A Clown Show About Rain (3 stars)

A Clown Show About Rain

Silent comedy depicts mental health as an unpredictable sea

Mental health is depicted as an unpredictable sea in A Clown Show About Rain. Sometimes you can lay down a towel and bask on the deck under blue skies; on another day it throws you violently around the boat.

This richly metaphorical (mostly) silent comedy takes time to reveal its true purpose. It follows three characters, the Shipping Forecast-inspired Forth, Cromarty and Dogger, as they navigate a series of storms. A parallel storyline involves a couple on a camping expedition, where the politics of snacking are given a long overdue theatrical interrogation. While the latter plot provides some laughs, it feels underdeveloped in comparison with the first.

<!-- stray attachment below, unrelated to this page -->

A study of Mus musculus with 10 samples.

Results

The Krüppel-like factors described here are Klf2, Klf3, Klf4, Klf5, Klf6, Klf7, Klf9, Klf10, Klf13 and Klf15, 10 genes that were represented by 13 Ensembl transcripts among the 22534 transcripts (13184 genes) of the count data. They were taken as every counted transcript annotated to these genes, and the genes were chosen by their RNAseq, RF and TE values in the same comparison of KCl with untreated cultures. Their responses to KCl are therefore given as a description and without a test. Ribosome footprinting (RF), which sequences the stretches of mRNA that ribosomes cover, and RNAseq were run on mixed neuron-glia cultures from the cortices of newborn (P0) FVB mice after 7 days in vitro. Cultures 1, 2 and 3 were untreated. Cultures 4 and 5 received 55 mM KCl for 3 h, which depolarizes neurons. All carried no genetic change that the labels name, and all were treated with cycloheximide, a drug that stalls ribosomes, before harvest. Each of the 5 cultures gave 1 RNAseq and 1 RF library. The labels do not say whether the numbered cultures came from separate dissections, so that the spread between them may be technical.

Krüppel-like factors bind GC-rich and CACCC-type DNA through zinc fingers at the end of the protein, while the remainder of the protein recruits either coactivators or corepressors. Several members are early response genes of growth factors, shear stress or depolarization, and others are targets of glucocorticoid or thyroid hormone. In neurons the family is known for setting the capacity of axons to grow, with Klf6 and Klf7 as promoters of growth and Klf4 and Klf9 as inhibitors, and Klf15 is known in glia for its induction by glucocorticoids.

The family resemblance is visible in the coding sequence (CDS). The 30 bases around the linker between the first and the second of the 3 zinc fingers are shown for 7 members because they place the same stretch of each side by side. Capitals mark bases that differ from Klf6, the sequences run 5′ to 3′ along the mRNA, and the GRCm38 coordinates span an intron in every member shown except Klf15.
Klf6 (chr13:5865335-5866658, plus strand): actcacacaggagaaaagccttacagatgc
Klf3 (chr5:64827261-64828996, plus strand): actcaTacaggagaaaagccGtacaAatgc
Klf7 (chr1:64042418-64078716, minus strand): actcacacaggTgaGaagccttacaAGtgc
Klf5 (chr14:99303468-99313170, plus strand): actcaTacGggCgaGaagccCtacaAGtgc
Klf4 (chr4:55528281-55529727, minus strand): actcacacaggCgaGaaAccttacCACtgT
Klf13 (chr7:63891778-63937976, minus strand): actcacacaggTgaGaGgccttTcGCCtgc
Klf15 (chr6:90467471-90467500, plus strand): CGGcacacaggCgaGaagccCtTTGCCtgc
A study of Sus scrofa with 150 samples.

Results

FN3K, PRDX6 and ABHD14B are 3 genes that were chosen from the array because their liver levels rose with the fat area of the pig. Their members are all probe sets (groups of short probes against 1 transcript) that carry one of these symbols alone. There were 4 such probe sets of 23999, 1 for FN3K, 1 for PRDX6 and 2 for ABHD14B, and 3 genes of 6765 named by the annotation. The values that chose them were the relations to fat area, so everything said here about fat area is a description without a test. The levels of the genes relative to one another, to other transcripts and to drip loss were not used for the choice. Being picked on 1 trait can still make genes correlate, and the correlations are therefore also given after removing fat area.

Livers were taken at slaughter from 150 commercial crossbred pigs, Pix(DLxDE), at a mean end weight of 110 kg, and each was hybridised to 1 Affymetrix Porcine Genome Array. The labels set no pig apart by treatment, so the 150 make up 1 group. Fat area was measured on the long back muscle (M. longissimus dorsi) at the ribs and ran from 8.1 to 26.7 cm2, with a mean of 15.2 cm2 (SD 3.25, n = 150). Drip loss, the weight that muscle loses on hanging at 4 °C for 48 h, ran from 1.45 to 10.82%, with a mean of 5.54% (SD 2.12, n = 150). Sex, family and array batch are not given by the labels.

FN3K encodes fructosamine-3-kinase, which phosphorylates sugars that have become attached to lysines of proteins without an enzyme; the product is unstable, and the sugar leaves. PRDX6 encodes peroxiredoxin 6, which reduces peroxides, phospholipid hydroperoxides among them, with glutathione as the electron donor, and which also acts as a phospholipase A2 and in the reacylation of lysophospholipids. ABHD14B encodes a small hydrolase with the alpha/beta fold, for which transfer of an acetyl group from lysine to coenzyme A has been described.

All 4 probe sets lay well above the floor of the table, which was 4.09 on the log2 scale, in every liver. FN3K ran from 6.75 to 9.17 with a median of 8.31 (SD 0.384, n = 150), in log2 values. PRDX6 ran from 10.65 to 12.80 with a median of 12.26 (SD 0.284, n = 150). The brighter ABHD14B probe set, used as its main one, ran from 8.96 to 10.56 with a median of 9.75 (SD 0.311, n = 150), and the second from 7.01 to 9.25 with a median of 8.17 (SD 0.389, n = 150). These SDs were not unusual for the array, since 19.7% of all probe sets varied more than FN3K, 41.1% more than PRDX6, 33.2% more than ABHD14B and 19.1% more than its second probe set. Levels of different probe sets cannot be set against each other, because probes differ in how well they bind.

For the most part, A Clown Show About Rain is a sweet ode to team spirit and friendship. The choreography is a joy, and the ebb and flow of the sea is conjured marvellously. Mops are thrown across the stage with pinpoint accuracy. The cast combine the rule of three and a cup of tea with some of the most understated audience participation you could hope to see, and there's applause too for the impressive consumption of a biscuit. An occasionally brilliant and creative take on the reality of battling the elements.

Pleasance Dome, until 27 Aug (not 20), 1.40pm, £11 (£10).

A Clown Show About Rain

  • 3 stars

Silent Faces uses physical comedy to look at the complexities of understanding and dealing with depression.